Bed and Breakfast
nytheatre.com review by Melanie N. Lee
July 16, 2008
Although Bed and Breakfast has deep discussions, interesting characters, and engrossing scenes, the overall experience is uneven. Much acting is weak, some direction is misaimed, and the script, though full of laughs, is anticlimactic. Bed and Breakfast is watchable, even enjoyable, yet disappointing.
Written and directed by Sam Sommer—he may need a new director for fresh perspective—this two-act play takes place at "a small Bed and Breakfast in a gay beach resort, anywhere USA." Six gay men and one straight woman arrive, in pairs or alone, for a weekend of serenity, sun, and sex. Sullivan, or Van (Jeffrey Vause), in his fuchsia robe complaining about his tasteless English muffin, banters with his female friend Chance (Dina Prioste), who meditates in the lotus position. Flirtatious Wayne (Jonathan Emerson), a Chinese-Irish blend, suggests Van "skip the muffins and go for the buns."
Predatory, restless Tom (Tyler Fischer, a David Spade lookalike) arrives with his loyal, emotional lover Jerry (Daniel Koenig). Terrence (Jimmy Moon), called Terry or T.T., hits it off with Wayne, arousing Van's jealousy and inspiring some amusing bitchy banter. Drew (Robert Maisonett), a well-built, bronzed, philosophical man, warns the others, especially Tom and Jerry, against making the mistakes he and his ex-lover did.
Rumors spread about the arrival of porn star Curtis Troy, "The Trojan Horse" who is...well, like a horse. The night between the acts turns up a star moment for Drew and a curious girl-date for Chance. She asks why gay men have sex with anyone—to which Drew counters, "All men do," and T.T. retorts, "Why are women hung up on monogamy?" Van quips about Drew's "Sermon on the Deck." When Tom goes missing overnight, Jerry fears the worst; indeed, something bad has happened.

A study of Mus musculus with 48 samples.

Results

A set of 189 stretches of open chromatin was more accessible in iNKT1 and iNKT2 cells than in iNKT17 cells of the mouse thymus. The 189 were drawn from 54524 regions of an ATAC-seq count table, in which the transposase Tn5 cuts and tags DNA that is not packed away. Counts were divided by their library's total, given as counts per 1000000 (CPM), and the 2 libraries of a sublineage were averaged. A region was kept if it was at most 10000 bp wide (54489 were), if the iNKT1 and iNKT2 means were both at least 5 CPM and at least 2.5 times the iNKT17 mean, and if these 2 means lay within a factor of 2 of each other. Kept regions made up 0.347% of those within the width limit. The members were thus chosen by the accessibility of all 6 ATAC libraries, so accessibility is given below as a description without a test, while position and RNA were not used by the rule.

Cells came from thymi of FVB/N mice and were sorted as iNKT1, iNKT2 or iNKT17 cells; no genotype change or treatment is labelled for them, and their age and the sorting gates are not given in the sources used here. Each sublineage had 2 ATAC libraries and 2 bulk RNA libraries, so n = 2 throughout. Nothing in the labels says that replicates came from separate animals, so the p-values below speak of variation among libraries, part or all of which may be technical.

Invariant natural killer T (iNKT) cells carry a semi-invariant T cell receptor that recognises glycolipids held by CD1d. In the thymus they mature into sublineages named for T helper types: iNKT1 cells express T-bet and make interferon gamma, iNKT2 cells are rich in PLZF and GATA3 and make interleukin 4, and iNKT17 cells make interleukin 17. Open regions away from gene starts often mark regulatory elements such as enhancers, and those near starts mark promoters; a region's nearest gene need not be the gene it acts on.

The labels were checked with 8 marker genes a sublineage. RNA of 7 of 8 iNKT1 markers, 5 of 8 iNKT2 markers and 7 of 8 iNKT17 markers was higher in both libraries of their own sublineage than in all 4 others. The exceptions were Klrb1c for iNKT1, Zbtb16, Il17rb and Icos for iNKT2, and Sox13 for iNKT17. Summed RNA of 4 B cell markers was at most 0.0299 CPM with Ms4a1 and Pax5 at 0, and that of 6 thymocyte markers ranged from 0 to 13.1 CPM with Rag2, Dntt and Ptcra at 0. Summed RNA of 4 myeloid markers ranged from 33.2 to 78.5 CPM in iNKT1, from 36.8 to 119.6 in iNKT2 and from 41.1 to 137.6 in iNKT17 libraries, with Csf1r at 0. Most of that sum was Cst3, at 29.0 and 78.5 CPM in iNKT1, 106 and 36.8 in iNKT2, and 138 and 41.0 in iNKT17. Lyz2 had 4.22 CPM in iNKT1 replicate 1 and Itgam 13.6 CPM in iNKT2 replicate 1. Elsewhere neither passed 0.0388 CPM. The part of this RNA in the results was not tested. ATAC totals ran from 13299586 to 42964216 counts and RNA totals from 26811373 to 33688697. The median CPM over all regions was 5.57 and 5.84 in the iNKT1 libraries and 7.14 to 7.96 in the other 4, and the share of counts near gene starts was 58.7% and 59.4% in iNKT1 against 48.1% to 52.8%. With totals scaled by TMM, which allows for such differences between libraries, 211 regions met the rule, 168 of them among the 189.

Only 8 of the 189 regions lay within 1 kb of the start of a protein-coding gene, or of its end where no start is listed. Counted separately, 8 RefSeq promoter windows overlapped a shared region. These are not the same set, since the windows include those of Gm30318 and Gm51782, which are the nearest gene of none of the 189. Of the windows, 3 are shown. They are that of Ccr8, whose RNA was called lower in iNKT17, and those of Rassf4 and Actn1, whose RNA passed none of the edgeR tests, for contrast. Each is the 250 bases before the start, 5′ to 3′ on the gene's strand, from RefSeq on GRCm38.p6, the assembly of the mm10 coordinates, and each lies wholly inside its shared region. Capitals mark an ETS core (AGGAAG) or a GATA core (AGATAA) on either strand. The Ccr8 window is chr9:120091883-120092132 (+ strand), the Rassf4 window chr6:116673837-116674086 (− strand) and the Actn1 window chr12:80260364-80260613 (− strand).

Bed and Breakfast has a pretty good story, interesting characters, and a script full of laughs. Masionett is a real find. Fischer is also good, and I wanted to see more of him. Koenig, Vause, and Moon play their characters well at times. Prioste has good moments, but at times is only serviceable. Sometimes the actors are engrossed and believable; other times, they are only reciting lines, not truly living their characters. Sadly, Emerson is miscast and seems uncomfortable. His one shining scene has Wayne under the influence of Ecstasy. He doesn't look Asian; his accent is neither stereotypical nor distinct. A few of these actors are supposed to be playing foreigners, and they need a dialogue coach.
The show lacks a main character, through whose eyes we see the action, or who pulls the others into his/her orbit. Drew comes close, but it's not enough. The play starts slowly, then hits its stride, then hits some bumps. The scenes do not shape nor build to a satisfying conclusion. Some incidents are told rather than shown. If Bed and Breakfast is supposed to be a slice of life, the ingredients of this cake don't yet have the right blend.